Regime lifts overseas travel ban for many critics

Regime lifts overseas travel ban for many critics

The junta has loosened its grip on politicians and dissidents by lifting the overseas travel ban many of them were facing, starting on June 1.

Only those facing court proceedings would still need to go through regular channels to seek permission to go abroad, said Maj Gen Sansern Kaewkamnerd, a government spokesman.

The decision was made on Friday when chiefs of the armed forces, police and security agencies met to evaluate the political climate ahead of the Aug 7 referendum on the draft constitution.

"All units reported the situation is calm. While there are differences in opinion, it is considered normal and won't obstruct progress," said Maj Gen Sansern.

"While the meeting didn't discuss the ban on political parties, the issue was mentioned."

Political parties have been prohibited from holding meetings since the May 22, 2014 coup. As a result, they can't pass resolutions on controversial issues such as the draft charter.

Maj Gen Sansern said the government and the National Council for Peace and Order (NCPO) wanted to show that they understood and were listening to criticism so that the country could move forward. "Anything that can be relaxed will be," he added.

He cited as an example Pichai Narithaphan, a Pheu Thai MP who had been summoned for multiple "attitude adjustment" sessions for criticising economic policies. "He can now go abroad if he doesn't have pending court cases."

But the spokesman said people such as former Pheu Thai minister Watana Muangsook and former premier Yingluck Shinawatra would not benefit from the relaxation because they were on trial.

He dismissed concerns that some people would exploit their newfound freedom by criticising the government at international forums or flying to meet fugitive former PM Thaksin Shinawatra.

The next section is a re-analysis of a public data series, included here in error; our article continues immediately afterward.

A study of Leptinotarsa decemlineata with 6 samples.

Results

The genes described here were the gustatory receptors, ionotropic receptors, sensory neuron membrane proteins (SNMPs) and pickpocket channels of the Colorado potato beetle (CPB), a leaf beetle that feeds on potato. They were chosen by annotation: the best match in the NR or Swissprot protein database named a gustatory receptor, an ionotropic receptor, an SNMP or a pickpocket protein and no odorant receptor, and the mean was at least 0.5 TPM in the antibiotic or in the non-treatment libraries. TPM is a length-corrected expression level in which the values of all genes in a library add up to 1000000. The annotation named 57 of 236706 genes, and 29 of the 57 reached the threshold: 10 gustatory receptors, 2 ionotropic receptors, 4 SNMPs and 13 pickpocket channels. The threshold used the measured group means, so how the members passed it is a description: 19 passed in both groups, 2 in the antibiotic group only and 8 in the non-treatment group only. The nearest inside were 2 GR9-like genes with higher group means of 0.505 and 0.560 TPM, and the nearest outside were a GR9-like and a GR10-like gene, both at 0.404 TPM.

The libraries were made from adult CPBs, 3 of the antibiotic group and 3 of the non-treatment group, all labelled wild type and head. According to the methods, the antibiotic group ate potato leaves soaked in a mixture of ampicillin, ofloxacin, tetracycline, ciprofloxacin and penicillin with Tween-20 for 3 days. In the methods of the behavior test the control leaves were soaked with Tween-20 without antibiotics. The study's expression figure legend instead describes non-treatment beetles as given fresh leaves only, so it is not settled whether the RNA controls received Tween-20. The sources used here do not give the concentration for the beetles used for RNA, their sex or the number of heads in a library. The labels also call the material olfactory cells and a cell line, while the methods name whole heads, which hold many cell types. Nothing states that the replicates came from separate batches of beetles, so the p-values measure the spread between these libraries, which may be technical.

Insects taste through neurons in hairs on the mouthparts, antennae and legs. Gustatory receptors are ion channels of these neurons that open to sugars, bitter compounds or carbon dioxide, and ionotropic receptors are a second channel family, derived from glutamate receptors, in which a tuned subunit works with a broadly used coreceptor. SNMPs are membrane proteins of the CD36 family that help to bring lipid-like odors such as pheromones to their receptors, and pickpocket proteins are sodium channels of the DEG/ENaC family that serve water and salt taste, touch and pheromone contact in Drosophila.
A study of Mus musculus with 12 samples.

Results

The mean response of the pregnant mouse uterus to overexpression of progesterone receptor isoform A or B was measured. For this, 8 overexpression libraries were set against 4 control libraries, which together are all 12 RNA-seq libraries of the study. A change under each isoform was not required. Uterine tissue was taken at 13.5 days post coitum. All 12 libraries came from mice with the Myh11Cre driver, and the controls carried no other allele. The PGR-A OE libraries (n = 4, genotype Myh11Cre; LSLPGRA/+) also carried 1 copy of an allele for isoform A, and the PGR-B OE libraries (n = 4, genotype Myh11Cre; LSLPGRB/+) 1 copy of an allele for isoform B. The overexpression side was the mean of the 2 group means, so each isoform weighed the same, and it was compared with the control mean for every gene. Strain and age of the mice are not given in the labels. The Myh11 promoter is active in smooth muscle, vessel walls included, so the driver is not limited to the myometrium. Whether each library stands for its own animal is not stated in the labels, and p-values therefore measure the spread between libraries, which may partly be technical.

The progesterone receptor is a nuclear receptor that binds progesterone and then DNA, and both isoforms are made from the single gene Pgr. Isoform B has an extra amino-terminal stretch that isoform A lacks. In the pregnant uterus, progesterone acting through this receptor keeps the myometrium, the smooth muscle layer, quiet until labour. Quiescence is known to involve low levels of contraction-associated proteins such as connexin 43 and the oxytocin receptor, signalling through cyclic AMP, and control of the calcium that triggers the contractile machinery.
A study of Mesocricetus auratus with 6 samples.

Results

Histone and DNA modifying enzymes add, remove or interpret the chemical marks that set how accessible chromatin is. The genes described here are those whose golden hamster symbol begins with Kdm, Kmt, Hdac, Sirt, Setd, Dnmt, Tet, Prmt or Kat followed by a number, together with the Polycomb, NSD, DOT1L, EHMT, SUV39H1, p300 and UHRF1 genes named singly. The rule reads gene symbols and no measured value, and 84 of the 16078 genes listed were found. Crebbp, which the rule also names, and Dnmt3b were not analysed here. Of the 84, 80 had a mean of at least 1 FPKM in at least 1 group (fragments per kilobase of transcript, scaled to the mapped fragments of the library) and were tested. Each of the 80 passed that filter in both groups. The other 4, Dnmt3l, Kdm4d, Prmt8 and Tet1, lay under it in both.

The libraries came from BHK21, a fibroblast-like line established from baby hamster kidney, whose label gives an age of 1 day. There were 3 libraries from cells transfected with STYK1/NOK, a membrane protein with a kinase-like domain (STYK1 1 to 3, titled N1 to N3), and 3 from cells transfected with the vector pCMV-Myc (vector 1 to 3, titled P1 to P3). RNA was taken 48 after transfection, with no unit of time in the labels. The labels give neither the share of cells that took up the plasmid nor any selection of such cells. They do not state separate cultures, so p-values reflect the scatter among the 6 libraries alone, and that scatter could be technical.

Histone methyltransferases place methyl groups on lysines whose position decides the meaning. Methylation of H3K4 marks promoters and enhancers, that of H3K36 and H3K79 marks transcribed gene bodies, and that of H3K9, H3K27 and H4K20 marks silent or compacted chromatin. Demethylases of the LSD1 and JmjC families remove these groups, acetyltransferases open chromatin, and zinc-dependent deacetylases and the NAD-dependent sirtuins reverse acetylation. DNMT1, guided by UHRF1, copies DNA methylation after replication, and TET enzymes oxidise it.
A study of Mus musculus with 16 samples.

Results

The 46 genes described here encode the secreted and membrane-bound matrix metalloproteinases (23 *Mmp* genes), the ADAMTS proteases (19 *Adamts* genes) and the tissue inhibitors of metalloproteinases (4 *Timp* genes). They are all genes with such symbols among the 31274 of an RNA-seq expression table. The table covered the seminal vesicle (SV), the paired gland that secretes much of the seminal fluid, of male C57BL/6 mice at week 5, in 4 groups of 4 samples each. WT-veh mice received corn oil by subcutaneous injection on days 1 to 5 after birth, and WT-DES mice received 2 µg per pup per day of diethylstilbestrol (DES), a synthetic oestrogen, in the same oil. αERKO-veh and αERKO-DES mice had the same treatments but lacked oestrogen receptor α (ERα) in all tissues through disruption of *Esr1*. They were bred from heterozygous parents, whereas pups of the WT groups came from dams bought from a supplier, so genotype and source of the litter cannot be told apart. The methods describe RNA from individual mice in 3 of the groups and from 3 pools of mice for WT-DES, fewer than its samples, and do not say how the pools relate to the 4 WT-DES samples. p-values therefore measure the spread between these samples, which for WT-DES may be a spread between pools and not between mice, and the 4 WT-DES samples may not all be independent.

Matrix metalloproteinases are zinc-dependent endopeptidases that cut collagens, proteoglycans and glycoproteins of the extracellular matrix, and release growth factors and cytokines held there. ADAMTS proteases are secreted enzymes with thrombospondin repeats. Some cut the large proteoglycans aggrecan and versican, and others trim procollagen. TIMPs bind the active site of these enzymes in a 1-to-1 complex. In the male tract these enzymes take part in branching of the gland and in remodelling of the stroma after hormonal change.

"Such things are beyond our control. We won't try to control uncontrollable things so it all depends on one's conscience," he said

The spokesman denied the move was the result of pressure from foreign countries. Many western governments have expressed concerns about curbs on human rights in Thailand, which was also roasted at a recent UN forum to review its rights record.

"The government and the NCPO have listened to all groups of people. We'll relax what we can to avoid being understood as keeping watch only on one side," said Maj Gen Sansern.

Three months after the coup, the junta summoned at least 563 people to report to it by announcing their names on television broadcasts. Most were politicians and anti-coup academics and critics, according to data from iLaw.

They were brought to unknown locations for what became known as attitude-adjustment sessions. It was revealed later that they were released only after they signed an agreement.

On the form they signed, they agreed they had not been tortured or hurt during detention and none of their personal belongings were missing. They also agreed they would not go abroad without approval from the junta.

Another condition was that they must not take part in or finance any political activity or join a polticial assembly.

Failure to comply would result in prosecution with a jail term of up to two years and/or a fine of up to 40,000 baht and suspension of their financial transactions.

The attitude adjustment sessions continue and hundreds more people have been taken in, but their names are no longer announced in public broadcasts.